I’m spending a week in Prague, Czech Republic, for the 35th International Congress on Law and Mental Health, sponsored and organized by the International Academy of Law and Mental Health (IALMH). Among other things, today I facilitated a session to launch the formation of the new International Society for Therapeutic Jurisprudence (more on that in my next post), and tomorrow I’m presenting a short paper on workplace bullying, mobbing, and incivility in academe as part of a panel discussion on higher education.
The IALMH’s biennial Congress is a global event, with presenters and attendees from around the world participating in dozens of panel discussions running each day for a full week. Law professors, lawyers, and judges join psychologists, psychiatrists, and those from other professional and academic disciplines to discuss important issues of law and mental health. This has become an extraordinary educational conference experience for me, full of ideas, research, and insights that fuel my understanding of the linkages between law and psychology. It also has served as a welcomed venue to share some of my work with valued colleague.
Our host institution is Charles University in Prague, one of the world’s oldest and most distinguished universities. This year’s Congress opened on Sunday with a ceremony in the Great Hall of Carolinum, a significant building in the nation’s history that dates back to the 14th century. One of my therapeutic jurisprudence colleagues, Australian magistrate judge Pauline Spencer, received a major award at this ceremony, and I’ll have more to say about her work very soon.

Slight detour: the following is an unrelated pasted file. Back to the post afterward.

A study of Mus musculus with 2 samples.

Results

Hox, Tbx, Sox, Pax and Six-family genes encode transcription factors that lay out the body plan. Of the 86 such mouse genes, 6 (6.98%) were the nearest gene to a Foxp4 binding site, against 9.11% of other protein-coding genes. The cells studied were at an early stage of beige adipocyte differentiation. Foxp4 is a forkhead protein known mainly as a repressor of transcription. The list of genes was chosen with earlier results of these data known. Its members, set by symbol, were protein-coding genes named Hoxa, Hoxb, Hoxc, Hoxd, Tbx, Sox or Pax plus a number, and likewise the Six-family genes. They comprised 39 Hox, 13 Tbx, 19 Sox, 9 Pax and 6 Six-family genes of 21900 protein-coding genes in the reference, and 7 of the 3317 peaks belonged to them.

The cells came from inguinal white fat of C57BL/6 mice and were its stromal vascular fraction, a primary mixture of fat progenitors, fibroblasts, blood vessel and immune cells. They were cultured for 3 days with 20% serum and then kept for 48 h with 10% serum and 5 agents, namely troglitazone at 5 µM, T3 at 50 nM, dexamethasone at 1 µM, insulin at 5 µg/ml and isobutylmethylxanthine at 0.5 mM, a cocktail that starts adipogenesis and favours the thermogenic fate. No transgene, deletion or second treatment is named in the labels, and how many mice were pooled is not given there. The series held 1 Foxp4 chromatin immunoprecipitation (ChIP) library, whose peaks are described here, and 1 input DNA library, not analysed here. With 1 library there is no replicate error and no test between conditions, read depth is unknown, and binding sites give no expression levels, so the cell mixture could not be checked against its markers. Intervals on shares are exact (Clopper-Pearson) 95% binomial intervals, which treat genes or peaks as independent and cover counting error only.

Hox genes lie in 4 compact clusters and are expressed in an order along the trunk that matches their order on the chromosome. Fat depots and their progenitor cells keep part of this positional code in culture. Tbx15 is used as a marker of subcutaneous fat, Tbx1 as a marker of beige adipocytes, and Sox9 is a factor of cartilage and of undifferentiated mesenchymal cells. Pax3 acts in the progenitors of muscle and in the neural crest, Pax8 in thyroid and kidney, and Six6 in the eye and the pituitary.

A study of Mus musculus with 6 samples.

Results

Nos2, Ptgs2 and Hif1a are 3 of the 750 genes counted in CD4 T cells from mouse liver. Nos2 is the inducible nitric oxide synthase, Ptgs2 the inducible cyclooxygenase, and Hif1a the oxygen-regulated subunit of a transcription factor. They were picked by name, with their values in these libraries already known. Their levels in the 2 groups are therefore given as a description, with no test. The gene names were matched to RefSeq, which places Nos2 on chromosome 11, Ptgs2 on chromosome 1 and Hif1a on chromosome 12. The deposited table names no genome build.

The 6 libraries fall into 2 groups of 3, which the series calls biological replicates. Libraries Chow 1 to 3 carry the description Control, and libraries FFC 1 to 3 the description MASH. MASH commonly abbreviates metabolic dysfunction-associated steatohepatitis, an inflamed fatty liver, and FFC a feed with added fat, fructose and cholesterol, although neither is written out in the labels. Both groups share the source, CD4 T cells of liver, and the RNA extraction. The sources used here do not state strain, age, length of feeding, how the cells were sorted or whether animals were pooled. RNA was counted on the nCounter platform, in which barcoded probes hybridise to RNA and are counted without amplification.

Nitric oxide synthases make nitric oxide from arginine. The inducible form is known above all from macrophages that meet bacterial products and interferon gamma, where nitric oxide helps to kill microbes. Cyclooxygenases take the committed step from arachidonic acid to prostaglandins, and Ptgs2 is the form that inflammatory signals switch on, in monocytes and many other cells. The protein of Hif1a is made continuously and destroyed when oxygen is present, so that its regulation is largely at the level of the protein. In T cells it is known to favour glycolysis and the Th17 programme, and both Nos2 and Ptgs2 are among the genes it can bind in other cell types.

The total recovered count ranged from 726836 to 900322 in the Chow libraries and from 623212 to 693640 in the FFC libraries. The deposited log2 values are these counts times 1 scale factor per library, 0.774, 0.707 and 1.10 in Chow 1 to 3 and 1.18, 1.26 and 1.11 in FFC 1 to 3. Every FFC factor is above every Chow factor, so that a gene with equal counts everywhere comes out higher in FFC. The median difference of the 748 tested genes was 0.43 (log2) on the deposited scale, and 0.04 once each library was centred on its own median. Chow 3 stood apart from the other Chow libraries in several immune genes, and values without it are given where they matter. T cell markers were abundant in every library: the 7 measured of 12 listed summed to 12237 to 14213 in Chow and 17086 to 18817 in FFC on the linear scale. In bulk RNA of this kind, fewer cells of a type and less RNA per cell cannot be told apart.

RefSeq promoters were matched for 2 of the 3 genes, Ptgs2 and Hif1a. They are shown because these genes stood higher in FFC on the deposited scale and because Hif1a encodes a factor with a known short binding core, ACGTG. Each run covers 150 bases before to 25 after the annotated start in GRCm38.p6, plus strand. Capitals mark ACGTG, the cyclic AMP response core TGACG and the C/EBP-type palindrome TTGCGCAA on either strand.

Believe it or not, a lot of learning occurs at this conference. Each conference day includes four 2-hour blocks of panel discussions. Most of us attend at least 2 or 3 per day, in addition to doing our own presentations and attending assorted meetings. To help reduce the temptation to lapse into truancy, the IALMH builds into the schedule several cultural and sightseeing events. This evening’s entertainment was a lovely concert by the Czech National Symphony Orchestra.
One of the most validating aspects of this gathering is the widely shared understanding that human emotions should matter a lot in the making and administration of law and public policy. We’re not all nodding our heads in agreement on everything said here, but at least we start with a consensus that psychology and mental health should play prime roles in shaping our laws and legal systems. Our challenge is to persuade more of our peers in the legal profession and in policymaking positions to see things similarly.